Rappers and Rebels on Broadway

New musicals are coming to Broadway. No, not the block right outside Manhattan College’s campus, but the street downtown that is otherwise known as the Great White Way.

Along with the continuation of longstanding productions such as “The Phantom of the Opera,” “Chicago” and “The Lion King,” two particularly interesting new musicals are expected to debut in 2014.

One is called “Holler if Ya Hear Me.” Fans of West Coast rap might recognize the name of the title as one of the songs by Tupac Shakur. It is no coincidence – the musical is based around the collective work of the late hip-hop artist who was killed in 1996. However, the show is not a biography of the rapper. Rather, his music is used to tell the story of a struggling urban community.

Another new musical recently announced for 2014 also features the work of a 90s musician. However, her music is not from the genre of rap, but alternative rock. Alanis Morissette’s widely successful album, “Jagged Little Pill,” will serve as the foundation for an original musical of the same name.

At first, the inspirations of these new shows might seem a far cry from typical Broadway fodder. However, one needs to only look at the success of the shows now playing to see where producers are coming from.

Theaters are currently filled with musicals based on the work of a particular artist or genre. “Mamma Mia!” (ABBA), “Jersey Boys” (Frankie Valli and the Four Seasons) and “Rock of Ages” (80s glam rock) are just a few of the productions that have seen tremendous box office results by utilizing the existing work of specific artists for their score. These kinds of shows are often referred to as jukebox musicals by the theater industry. They are now joined by recent newcomers such as “A Night with Janis Joplin” and “Motown: The Musical.”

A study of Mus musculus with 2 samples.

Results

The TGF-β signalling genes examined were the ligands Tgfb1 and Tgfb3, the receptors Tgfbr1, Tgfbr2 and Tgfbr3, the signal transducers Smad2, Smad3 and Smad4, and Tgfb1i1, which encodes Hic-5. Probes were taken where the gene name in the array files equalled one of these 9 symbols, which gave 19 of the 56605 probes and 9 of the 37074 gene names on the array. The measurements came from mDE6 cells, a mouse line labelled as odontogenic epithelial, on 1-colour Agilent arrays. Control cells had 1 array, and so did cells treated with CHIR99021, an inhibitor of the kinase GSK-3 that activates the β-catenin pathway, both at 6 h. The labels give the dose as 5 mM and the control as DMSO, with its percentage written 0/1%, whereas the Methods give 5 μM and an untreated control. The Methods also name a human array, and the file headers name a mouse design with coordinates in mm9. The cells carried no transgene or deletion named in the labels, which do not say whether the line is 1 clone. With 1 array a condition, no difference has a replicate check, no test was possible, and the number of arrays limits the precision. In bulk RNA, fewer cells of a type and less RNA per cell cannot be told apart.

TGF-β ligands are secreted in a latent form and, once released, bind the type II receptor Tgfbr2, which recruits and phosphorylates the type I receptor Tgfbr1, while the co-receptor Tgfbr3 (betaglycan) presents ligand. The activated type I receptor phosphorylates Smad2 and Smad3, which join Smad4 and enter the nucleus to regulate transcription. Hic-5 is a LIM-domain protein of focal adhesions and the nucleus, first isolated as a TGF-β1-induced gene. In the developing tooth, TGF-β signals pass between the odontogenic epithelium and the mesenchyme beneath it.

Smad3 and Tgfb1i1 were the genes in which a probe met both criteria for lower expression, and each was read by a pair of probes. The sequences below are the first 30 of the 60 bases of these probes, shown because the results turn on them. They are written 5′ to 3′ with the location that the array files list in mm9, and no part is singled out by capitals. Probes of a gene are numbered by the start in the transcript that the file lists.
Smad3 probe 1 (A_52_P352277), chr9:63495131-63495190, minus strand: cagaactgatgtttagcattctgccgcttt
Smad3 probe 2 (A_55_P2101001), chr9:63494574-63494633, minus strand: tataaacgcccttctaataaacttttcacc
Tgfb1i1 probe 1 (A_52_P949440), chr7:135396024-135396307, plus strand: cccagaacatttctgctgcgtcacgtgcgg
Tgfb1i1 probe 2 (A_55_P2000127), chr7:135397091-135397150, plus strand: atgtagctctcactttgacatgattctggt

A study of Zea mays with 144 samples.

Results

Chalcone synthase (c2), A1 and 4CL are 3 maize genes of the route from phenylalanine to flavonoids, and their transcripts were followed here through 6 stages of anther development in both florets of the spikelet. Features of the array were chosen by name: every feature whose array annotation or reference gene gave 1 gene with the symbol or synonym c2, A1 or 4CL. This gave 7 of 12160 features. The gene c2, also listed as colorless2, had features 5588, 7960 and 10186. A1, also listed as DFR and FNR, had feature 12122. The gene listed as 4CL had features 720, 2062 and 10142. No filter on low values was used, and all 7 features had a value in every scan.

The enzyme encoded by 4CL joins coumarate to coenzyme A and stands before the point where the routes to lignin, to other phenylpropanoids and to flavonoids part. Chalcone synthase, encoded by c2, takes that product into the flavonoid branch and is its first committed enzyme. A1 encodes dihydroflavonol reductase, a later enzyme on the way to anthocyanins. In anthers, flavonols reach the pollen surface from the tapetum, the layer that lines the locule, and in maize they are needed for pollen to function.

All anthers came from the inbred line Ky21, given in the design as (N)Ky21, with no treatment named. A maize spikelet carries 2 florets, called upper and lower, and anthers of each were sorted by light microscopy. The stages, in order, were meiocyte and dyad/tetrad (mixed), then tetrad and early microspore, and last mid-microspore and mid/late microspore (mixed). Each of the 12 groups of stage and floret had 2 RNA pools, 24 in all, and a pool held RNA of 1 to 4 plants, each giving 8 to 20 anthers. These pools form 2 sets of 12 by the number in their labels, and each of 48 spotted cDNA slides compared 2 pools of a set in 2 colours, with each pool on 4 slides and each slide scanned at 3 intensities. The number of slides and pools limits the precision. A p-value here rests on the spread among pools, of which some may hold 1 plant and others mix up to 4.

While some might think the jukebox musical is a relatively modern phenomenon that has only flourished in the last few years, Margaret Farrell disagrees. Farrell is an assistant adjunct professor who teaches a course titled “History of the Broadway Musical” at MC. She feels that structuring Broadway shows on popular music is in fact a practice that is based heavily in musical theater tradition and history.

“It’s not new, you can trace it back to the revue,” Farrell said. Revues were variety entertainment shows that tied together different songs and acts with a theme or thin plot. “It’s always been going on, the difference is how creative they do it,” she continued.

While Billy Joel (his own music the subject of Broadway show “Movin’ Out”) may have predicted the lights to go out on Broadway in 2017, it doesn’t seem to be happening any time soon. The past few years have seen annual gross ticket sales of upwards of $1 billion and attendance of roughly 12 million people each year, according to The Broadway League.

But just who is buying relatively pricey Broadway tickets? A recent report by The Broadway League on the 2012-2013 season found that the average theatergoer was Caucasian (accounting for 78 percent of ticket sales), female (68 percent), middle-aged (about 40 years old) and a tourist (66 percent).

Perhaps Broadway is trying to attract a younger, more diverse crowd by including the work of artists such as Shakur and Morissette. Additionally, formerly marginal music genres such as rap and alternative rock have now become more mainstream and therefore might be deemed suitable for the theater. Punk rock already saw its Broadway debut with “American Idiot,” a musical based on the album of the band Green Day.

Regardless of a larger motive, Broadway organizers are certainly making their decisions with the hopes of turning a profit.

“The thing you have to remember is that it’s a business – it’s show business,” Farrell said. “The other thing to keep in mind is that today’s economy plays into how far of a chance they [Broadway producers] are going to take. Whatever’s popular is what they are going to sell.”